I’m planning to wash our new car monthly, but I can’t do it myself in winter. There’s a $14 auto car wash in our area, or hand washes that start around $25 for just wash/dry, no wax. Problem is, I don’t even know if the hand washes follow the rule that the sponge/cloth should be rinsed in clean water frequently.

This is the auto wash option:

This is a hand wash option:

What would you do to balance cost and quality?

Modern touchless car washes don’t damage the paint. They also don’t clean off the dirt, but that’s the price you pay for not damaging the paint. :wink:

Seriously - take it into a touchless car wash and then look at the windshield. You’ll see the dirt on the outside of the wiper area is still there, and there will be spots all over your car that are both dirt, and water that didn’t get properly dried off.

The hand wash option - hard to say if they do it right or not. Every place is different. That said, for $25, my money’s on they don’t do it right.

Almost every town has a do-it-yourself car wash that’s inside a heated building. Find it and use that in the winter.

Wash your car in the drive and as stated above in a self serve was in the winter. I’ve never paid to wash a car, I just do it on my off days

Use either a soft touch was (take off your antenna - it just unscrews) or use the touchless ones. The soft touch will do a good job when the car is extra dirty but has a bit of risk of scratching. Check around the car after the wash for any damage while you re-install the antenna. Touchless when the car is not so dirty. Have it detailed once a year or so with a fresh wax job and you will be just fine. I have a 10 year old truck that is too tall to easily wash that was never garaged but washed this way. It got waxed once a year, maybe, and still looks great.

I do exactly what shadow recommended in the winter.

The ones that just spray water/soap and don’t actually contact the car’s surface won’t damage the paint. At least not from the cleaning pressure itself. But the water they spray, if it finds it’s way to any metal, even just a tiny speck from a missing paint chip, will eventually cause rust and damage the paint from below. So it would be a good idea to wax the car a couple times a year.

Some auto washes damage paint but it has a lot to do with how well it is maintained. If your car is black I would not do it. Black shows every flaw and after a winter of auto wash it might look like you scrubbed it with a handful of sand. ( :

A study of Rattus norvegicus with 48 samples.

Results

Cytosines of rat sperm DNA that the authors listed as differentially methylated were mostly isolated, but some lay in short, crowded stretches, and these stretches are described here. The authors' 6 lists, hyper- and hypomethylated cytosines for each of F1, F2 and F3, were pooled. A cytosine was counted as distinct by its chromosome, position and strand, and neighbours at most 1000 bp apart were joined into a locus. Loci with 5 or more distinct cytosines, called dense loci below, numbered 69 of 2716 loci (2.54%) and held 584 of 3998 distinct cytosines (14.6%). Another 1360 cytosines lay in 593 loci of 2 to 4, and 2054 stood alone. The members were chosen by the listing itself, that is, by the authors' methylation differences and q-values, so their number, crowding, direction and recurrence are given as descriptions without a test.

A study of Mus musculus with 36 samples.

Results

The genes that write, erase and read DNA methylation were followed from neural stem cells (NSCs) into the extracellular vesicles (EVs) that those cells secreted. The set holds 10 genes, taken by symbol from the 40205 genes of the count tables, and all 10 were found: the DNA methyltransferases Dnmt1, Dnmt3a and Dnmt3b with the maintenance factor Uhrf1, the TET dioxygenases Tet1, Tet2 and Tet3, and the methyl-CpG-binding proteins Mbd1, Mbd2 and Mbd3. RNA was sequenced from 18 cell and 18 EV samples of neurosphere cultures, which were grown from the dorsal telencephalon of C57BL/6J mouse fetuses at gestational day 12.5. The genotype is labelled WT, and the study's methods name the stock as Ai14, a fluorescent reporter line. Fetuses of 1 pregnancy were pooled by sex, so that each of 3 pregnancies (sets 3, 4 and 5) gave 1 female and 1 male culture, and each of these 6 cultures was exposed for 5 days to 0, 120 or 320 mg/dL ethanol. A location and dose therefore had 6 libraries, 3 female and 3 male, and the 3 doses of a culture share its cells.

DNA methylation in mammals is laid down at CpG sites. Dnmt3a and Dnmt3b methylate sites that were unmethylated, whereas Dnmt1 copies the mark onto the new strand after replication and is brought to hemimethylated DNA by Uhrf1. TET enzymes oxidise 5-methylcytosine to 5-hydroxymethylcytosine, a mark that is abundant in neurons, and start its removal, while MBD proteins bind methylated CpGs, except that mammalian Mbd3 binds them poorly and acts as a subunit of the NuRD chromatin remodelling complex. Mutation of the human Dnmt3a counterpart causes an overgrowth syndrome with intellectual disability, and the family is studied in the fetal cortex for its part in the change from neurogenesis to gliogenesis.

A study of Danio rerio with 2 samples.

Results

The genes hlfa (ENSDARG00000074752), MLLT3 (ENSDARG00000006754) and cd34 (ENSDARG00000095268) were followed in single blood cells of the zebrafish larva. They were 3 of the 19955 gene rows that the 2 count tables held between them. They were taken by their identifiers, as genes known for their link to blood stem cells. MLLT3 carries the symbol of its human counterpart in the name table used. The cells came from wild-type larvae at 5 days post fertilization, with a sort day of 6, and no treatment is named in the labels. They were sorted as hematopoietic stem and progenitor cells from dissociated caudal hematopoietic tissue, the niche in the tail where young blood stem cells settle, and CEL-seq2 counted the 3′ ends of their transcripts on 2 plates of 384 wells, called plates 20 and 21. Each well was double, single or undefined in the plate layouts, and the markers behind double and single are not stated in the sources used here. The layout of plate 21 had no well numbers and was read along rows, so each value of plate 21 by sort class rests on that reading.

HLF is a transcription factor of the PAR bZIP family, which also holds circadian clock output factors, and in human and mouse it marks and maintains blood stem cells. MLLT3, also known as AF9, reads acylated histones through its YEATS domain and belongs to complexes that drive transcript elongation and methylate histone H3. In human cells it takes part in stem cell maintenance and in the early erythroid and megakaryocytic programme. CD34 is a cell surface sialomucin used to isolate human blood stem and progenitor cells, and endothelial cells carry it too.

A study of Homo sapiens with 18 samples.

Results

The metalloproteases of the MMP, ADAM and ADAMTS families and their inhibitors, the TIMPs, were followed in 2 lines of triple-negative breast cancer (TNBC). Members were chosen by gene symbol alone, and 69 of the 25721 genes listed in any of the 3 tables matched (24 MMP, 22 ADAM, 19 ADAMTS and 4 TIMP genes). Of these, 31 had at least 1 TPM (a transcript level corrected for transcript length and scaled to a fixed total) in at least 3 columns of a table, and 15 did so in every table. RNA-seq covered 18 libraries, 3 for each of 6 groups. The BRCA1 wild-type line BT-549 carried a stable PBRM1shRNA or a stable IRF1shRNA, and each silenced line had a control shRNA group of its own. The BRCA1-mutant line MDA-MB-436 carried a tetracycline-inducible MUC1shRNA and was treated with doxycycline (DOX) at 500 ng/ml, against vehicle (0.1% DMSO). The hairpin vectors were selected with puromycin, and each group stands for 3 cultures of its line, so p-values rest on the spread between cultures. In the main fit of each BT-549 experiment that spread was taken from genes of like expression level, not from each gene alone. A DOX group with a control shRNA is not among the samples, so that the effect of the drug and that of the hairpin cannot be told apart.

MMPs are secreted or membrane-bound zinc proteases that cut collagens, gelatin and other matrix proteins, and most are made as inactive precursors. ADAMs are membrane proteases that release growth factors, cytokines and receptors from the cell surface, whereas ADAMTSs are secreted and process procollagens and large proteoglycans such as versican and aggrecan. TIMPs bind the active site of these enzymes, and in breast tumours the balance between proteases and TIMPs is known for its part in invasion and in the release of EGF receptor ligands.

The first thing to do is have good wax job applied.

This the first barrier between the finish of the body and the elements in winter.

There many types of car washes. Some are brush type (which you stay away from), some are touchless, (which doesn’t remove all the dirt), and rag type car washes, (this is suppose to imitate washing by hand but relies on changing the rags often)

Find a do-it-yourself car wash that takes coins and blast the vehicle clean.


I’ve even seen… often… car washes with the swishing (side to side) hanging “rags” mangle license plates. When you see a car with both ends of the front plate bent in, it probably happened at an automatic car wash.

I have been using a “soft cloth” car wash for years without any effect on the paint surface. Avoid those with the rotary brushes; they will leave scratches on your paint.

Hand washing is best when you can do so.

Ours is a touchless wash, and has done a pretty good job on our previous cars.

One question is the packages available: The “standard” includes wash and undercarriage, which are probably both essential here in the northeast, with our slush and road salt.

I know the higher end packages probably aren’t very good: they include things like wheel brite, poly sealant, white wall cleaner (our car won’t have whitewalls), and liquid glass.

The difference between the standard and premium package is only $4. So are the extras a matter of “might as well, even if they don’t do much” or “avoid them.”